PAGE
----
March 26, 2024

Today, we are releasing our first final report, which presents the findings of an investigation into the activities of Dynasty Gold Corporation, a Canadian mining company based in Vancouver.

In the report, I conclude that a human rights abuse occurred at a mine in China. I also recommend to the Minister of International Trade that a range of trade measures be applied against the company.

Investigations into the activities of several other Canadian companies remain in progress. More final reports will be published in 2024–25.

In the meantime, the government has announced that it will review the mandate of my office. I look forward to offering my unique perspective.

Government can and should better equip the CORE to fulfill its mandate to promote and ensure responsible enterprise on the part of Canadian companies operating outside of Canada. In particular, the CORE should be granted the ability to compel documents and testimony from the companies it investigates.

Why? The investigation into Dynasty serves as a useful illustration.

The company declined to engage with the CORE in any meaningful way; most of our attempts at communication were ignored. Through independent investigation, we were able to discern facts about the company’s operations in China. However, we never had an opportunity to question Dynasty’s leaders or develop an understanding of the reasons the company failed to protect human rights.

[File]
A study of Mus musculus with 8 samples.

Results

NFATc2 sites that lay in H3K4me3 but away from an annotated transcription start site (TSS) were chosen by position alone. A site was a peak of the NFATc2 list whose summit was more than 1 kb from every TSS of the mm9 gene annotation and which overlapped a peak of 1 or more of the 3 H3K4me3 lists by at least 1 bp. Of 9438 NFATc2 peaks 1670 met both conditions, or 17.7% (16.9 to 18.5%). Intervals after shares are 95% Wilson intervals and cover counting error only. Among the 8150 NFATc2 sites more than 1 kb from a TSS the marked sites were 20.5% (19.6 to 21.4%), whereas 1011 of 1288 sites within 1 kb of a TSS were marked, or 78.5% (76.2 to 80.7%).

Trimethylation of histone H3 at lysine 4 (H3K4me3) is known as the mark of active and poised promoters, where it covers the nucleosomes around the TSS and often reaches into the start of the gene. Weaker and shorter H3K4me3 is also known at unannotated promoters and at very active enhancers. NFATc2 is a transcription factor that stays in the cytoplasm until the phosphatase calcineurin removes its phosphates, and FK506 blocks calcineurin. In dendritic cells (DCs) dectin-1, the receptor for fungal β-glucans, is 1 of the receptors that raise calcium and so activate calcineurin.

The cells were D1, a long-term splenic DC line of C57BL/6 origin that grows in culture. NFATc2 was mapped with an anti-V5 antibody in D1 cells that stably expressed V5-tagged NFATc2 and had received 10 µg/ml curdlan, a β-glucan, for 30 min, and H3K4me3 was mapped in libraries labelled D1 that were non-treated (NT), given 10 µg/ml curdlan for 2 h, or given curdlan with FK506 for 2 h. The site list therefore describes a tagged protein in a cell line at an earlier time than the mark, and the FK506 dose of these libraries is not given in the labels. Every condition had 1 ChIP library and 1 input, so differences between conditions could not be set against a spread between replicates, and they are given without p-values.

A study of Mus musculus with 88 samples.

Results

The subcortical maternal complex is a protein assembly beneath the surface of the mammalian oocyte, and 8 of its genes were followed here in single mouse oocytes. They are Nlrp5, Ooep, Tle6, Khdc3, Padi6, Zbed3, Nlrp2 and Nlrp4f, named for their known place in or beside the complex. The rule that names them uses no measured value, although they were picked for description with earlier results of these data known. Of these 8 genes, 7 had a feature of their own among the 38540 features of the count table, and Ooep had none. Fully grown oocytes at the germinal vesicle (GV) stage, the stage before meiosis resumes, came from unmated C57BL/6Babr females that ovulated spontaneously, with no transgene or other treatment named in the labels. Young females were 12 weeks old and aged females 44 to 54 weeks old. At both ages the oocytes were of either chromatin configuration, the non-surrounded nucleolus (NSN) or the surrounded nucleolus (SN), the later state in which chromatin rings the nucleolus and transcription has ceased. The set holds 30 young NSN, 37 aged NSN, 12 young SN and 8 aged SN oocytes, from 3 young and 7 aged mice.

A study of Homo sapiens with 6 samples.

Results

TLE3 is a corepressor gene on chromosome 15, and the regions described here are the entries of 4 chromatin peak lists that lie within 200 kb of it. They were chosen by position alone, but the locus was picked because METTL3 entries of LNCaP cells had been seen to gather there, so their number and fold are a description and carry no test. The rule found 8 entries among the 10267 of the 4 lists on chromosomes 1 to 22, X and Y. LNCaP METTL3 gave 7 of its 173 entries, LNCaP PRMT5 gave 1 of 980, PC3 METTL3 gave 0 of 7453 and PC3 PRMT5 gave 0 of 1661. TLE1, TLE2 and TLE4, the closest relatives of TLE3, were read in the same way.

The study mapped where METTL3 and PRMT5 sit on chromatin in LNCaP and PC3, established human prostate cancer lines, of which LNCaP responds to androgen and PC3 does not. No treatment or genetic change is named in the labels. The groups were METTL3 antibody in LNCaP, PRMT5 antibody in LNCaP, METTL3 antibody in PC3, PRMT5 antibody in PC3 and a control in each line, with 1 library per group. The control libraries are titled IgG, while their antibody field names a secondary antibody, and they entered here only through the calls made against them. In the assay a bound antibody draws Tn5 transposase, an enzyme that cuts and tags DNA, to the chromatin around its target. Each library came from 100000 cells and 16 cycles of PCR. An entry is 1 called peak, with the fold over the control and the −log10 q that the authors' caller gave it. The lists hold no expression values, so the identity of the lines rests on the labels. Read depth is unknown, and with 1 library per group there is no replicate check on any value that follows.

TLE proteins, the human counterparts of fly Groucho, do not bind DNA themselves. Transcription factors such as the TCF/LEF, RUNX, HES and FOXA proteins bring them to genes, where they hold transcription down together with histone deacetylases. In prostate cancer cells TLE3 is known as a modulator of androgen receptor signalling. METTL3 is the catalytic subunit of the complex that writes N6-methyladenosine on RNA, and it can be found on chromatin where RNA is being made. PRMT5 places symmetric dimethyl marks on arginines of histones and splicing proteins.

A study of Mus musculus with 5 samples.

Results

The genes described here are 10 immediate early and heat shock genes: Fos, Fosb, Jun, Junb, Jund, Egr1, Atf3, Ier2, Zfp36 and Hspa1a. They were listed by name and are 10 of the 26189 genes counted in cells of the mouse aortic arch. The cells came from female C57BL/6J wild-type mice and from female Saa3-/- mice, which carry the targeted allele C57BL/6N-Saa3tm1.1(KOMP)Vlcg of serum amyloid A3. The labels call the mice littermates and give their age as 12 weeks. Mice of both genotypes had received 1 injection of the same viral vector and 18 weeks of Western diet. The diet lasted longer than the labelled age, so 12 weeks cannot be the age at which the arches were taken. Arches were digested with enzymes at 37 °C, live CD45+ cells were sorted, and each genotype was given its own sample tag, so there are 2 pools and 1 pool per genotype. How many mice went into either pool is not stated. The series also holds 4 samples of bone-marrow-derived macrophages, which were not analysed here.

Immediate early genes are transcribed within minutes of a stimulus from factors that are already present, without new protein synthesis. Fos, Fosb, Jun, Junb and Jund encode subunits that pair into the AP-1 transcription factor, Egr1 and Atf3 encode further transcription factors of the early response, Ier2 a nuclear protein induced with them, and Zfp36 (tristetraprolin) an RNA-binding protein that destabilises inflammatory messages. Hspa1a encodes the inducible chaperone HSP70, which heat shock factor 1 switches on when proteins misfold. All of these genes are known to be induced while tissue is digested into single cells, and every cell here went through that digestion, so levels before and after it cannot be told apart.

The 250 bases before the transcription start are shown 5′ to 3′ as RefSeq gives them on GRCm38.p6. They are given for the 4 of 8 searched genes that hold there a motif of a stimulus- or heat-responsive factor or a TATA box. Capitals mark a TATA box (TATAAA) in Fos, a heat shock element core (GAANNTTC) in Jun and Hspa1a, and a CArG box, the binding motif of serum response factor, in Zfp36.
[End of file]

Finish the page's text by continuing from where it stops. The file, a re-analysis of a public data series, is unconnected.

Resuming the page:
If our goal as Canadians is to encourage responsible enterprise by Canadian companies operating outside Canada, the Ombudsperson must be able to uncover why, and how, companies are falling short of their responsibilities. We need to hear it directly from them, and we need to share that information with the public.

Enhanced investigative tools are just one of the ways in which the CORE’s structure could be improved. Many other useful recommendations are included in 2 research papers on ombud independence that can be found on our website. Meaningful reform would allow the CORE to build on all that it is achieving in its current form.

Indeed, as we release our first final report, it is worth noting that many of our interactions with Canadian companies are not related to investigations. We speak at conferences across the country, offering guidance on how to establish and embed respect for human rights in business practices. We hold webinars to share best practices. We also engage directly with companies to help them develop the guidelines and due diligence mechanisms they need to be responsible corporate citizens. As I have said to my staff, the true measure of the CORE’s success would be a world in which Canadian companies engage and provide remedy when a human rights abuse occurs or, even better, prevent human rights abuses from occurring at all. We are not there yet, and until we are, it is our job to work towards that end.

I was drawn to this role by the potential of the CORE – a body that could call out wrongdoing, encourage responsible behaviour and enhance Canada’s global reputation. While I am proud of the progress we are making, I still see enormous potential to strengthen the CORE’s mandate and independence.